Jul 7, 2015 4:05 PM

NH1 News Investigates Scandalous Spam: What you need to know to make it stop

NH1.com

Have you been getting creepy or inappropriate text messages on your smart phone?

Some users - including employees here at NH1 News - say they’re getting a huge helping of scandalous scam.

They want to know why and how to stop it.

“Hey you don’t really know me, but I noticed you on my friend’s Facebook…” ...

“Aren’t we supposed to get together for a candlelight dinner later tonight?” ...

“I was thinking about you in the shower today.” ...

“Come chat with me online, so we can get together later for some fun.” ...

“Naughty is my middle name.”

These are some of the text messages Gina Marini says are not coming from a special someone.

“It’s just gross," Marini said. "I don’t want somebody to be randomly texting me, that they’re alone at night and they’re cold and want company. I 'must look hot …' No, I don’t want to hear that.”

She’s not alone.

"This has been going on day after day," Korie Eiles, said. "It comes from a normal looking number - with a 603 area code - so you read it thinking, 'It must be someone I know, whose number I don’t have saved.'"

"And then whoops, no! It’s inappropriate,” Sara Isabelle said.

"The ones that are somewhat flirtatious, and include links - those just started recently - but they’ve been coming in more often," Alexis Scargill said.

The texts have been showing up at all hours of the day, some even in the middle of the night.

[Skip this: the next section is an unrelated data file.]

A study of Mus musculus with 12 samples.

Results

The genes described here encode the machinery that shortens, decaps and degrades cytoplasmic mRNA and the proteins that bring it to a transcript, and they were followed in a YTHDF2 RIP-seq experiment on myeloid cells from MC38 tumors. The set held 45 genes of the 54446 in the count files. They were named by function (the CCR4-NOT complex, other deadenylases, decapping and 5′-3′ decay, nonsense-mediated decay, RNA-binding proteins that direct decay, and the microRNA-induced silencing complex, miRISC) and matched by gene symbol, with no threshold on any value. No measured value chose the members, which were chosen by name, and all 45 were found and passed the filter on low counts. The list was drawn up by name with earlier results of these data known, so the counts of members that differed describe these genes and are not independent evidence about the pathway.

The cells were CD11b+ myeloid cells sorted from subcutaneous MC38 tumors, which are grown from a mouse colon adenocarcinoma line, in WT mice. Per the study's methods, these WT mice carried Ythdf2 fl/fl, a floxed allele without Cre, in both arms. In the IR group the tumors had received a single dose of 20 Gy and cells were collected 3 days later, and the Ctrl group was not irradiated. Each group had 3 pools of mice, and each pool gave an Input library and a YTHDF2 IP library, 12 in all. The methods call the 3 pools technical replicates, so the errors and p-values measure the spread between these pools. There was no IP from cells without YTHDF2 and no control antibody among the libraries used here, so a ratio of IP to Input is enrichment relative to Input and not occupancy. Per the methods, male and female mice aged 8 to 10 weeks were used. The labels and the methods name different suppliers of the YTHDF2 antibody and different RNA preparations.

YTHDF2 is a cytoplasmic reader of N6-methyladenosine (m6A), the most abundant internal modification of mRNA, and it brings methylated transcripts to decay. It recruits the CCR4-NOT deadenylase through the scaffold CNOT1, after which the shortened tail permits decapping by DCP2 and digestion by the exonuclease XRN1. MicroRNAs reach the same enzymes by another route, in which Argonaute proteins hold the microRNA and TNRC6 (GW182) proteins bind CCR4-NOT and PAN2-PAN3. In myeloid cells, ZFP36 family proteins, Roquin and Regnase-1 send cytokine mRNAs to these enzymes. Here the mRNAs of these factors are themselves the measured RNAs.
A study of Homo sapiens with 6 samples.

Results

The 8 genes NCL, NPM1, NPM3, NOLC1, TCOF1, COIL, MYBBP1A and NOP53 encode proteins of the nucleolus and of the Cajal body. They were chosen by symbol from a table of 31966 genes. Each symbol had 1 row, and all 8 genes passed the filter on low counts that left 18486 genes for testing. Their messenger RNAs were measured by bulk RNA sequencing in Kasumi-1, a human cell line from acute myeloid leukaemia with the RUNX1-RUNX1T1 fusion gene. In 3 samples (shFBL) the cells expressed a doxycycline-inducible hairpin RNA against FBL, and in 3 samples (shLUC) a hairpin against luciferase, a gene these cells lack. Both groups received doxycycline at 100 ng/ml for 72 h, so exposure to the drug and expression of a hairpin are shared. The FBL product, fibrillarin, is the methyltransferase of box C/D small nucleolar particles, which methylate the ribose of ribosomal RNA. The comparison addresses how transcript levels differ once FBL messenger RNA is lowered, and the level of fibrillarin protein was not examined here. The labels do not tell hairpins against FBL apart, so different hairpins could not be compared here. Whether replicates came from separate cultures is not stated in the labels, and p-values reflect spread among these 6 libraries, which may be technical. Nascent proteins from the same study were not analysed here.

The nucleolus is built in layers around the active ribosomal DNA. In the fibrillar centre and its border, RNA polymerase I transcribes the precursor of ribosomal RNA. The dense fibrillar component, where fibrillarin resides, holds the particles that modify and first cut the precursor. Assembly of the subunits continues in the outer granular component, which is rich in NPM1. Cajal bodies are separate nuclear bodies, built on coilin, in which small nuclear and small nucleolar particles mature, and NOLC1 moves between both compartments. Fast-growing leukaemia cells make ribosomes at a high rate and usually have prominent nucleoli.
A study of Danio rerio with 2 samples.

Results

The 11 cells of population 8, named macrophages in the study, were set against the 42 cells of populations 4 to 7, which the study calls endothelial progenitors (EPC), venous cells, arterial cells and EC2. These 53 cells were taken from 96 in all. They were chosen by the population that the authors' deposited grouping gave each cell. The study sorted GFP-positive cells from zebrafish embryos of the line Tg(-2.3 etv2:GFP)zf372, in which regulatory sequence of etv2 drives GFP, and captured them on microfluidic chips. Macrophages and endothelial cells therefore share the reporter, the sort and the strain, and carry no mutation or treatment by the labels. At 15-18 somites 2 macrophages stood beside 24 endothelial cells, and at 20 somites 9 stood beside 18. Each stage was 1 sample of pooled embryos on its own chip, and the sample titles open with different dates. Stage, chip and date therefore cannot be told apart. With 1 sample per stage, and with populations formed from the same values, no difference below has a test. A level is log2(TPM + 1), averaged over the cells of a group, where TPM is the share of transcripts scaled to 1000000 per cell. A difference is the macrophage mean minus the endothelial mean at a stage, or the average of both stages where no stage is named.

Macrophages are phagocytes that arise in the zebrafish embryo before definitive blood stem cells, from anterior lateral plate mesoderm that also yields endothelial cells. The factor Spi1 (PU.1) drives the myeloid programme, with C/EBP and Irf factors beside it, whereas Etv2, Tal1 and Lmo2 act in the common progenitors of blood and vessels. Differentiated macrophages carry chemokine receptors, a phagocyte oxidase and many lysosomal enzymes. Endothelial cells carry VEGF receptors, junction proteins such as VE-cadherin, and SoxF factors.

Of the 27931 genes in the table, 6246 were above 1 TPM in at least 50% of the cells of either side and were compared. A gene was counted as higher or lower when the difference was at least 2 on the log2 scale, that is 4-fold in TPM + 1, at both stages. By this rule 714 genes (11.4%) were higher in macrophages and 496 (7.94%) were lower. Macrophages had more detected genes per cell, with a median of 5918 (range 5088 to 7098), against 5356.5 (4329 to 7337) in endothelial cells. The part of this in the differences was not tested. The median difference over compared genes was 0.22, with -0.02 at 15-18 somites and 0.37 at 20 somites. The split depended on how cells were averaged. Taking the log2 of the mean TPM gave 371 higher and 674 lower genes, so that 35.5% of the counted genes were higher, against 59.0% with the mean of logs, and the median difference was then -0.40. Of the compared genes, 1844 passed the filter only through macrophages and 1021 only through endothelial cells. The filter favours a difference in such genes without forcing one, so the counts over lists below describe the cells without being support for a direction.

"They're very sexual," Eiles said.

Technology Consultant and host of the Manchester radio talk show “Tech Talk” Craig Peterson isn’t surprised about the influx of scandalous spam.

"I’m seeing hundreds of them a day," Peterson said. "These spam texts are becoming more and more of a problem as the hackers get a little bit more sophisticated."

For instance, Peterson said hackers just off our shores are using the National Do Not Call Registry to reach you.

"These people overseas now have more phone numbers than they’ve ever had before," he said.

So when Marini wants to fire back at one spammer, she not only validates her number, but also potentially gets charged for the conversation if she does so.

"Some texts when you send them overseas, cost you as much as five dollars a text,” Peterson said. “So, they make a lot of money by getting you to engage."

If you've responded to spam, check your phone bill and call your provider. Also, forward the texts to the FCC at 7-7-2-6 OR "SPAM."

The Federal Communications Commission won't necessarily investigate your specific case, but it’ll use that information to help shut down some of the worst offenders.